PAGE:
Gov. Bill Walker has signed on with a bipartisan group of governors to oppose the Senate Republican’s last-last-ditch effort to repeal and replace Obamacare through an amendment put together by U.S. Sens. Lindsay Graham and Bill Cassidy
Walker joined governors John Kasich, John Hickenlooper and seven other governors in sending a letter to Congressional leaders urging them to sideline the bill in favor of a bipartisan approach to reforming health care.
“As you continue to consider changes to the American health care system, we ask you not to consider the Graham-Cassidy-Heller-Johnson amendment and renew support for bipartisan efforts to make health care more available and affordable for all Americans,” explains the letter. “Only open, bipartisan approaches can achieve true, lasting reforms.”
Much of the bill is being pitched as a way to return health care policy and decisions to the states, granting them flexibility to address the problems of delivering insurance and health care. It does so, however, with deep cuts to federal health care funding and a redistribution of federal health care dollars away from states like Alaska.
The bill would transform Medicaid expansion and insurance marketplace subsidies into block grants. In practice, it’d funnel money away from states that have taken Medicaid expansion (as Alaska did) and give it to states that didn’t. There’d also be an overall cut in funding so there’d be fewer dollars, spread out even more thinly.
Walker expressed such concerns in a statement released on Monday:
“Given Alaska’s current fiscal challenges, any proposal to shift federal costs to the states would likely result in drastic cuts to our Medicaid program,” he said. “While we continue to review the bill that was released today, I am also working with a bipartisan group of Governors to come up with innovative reform ideas that can bring down the cost of health care.”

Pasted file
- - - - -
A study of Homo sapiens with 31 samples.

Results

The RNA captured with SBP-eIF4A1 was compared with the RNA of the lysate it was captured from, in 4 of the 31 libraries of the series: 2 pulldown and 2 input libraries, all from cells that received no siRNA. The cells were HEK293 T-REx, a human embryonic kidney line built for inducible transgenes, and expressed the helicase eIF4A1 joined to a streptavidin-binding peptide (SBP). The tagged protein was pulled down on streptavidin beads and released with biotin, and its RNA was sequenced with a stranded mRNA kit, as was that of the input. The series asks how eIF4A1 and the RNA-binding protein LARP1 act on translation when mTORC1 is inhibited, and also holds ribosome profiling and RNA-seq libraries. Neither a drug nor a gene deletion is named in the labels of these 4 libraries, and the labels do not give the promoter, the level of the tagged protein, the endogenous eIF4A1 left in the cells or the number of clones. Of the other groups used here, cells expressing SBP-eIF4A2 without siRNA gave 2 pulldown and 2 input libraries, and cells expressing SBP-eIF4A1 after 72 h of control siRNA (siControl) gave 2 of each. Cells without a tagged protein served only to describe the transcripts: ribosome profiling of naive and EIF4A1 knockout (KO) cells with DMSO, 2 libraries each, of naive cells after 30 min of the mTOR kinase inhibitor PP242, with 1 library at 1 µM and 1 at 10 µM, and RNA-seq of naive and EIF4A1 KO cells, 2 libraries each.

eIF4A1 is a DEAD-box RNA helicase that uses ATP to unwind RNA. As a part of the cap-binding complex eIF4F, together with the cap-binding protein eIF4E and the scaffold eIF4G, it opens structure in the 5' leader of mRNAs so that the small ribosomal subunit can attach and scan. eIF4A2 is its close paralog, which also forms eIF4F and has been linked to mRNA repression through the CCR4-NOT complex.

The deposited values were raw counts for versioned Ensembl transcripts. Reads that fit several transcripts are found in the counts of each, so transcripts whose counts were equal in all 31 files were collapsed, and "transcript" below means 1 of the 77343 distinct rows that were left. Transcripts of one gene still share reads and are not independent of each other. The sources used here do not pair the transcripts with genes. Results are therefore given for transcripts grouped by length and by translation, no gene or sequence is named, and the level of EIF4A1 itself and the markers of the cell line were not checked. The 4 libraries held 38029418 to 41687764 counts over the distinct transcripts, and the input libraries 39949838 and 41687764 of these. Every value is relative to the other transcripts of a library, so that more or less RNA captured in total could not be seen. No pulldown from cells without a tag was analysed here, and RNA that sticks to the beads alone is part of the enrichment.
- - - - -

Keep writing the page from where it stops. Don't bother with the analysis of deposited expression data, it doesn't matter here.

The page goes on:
Alaska’s U.S. Sen. Lisa Murkowski is officially undecided on the bill.
In an interview reported by NBC reporter Leigh Ann Caldwell, Murkowski discussed the potential path to where she could support the bill. She said ultimately that she likes to see more flexibility, but not when it means there’s significantly less money.
— Leigh Ann Caldwell (@LACaldwellDC) September 19, 2017
That framework, when combined with Walker’s comments would make it difficult for the moderate Republican to sign on.
She’s yet again another key senator in this process, along with Sens. Susan Collins, John McCain and Rand Paul. McCain returned in dramatic fashion to defeat the repeal in July, calling for a return to regular order, and Paul has registered far-right concerns with the bill.
The new proposal also comes with plenty of other generally unpopular changes that have been floated previously, including a provision that allows states to opt out of essential health benefits and caps on what they can charge for pre-existing conditions. It’d also repeal the individual mandate and defund Planned Parenthood for one year.
The Senate has until the end of this month to repeal the bill with just 50 votes. After that date, it’ll have to work with Democrats to avoid a Democratic filibuster of the bill.
The appearance of the last-ditch effort sidelines the bipartisan efforts that have been underway in the Senate Health, Education, Pension and Labor Committee. There, senators, including Murkowski, have slowly been building agreement on short-term fixes for insurance markets.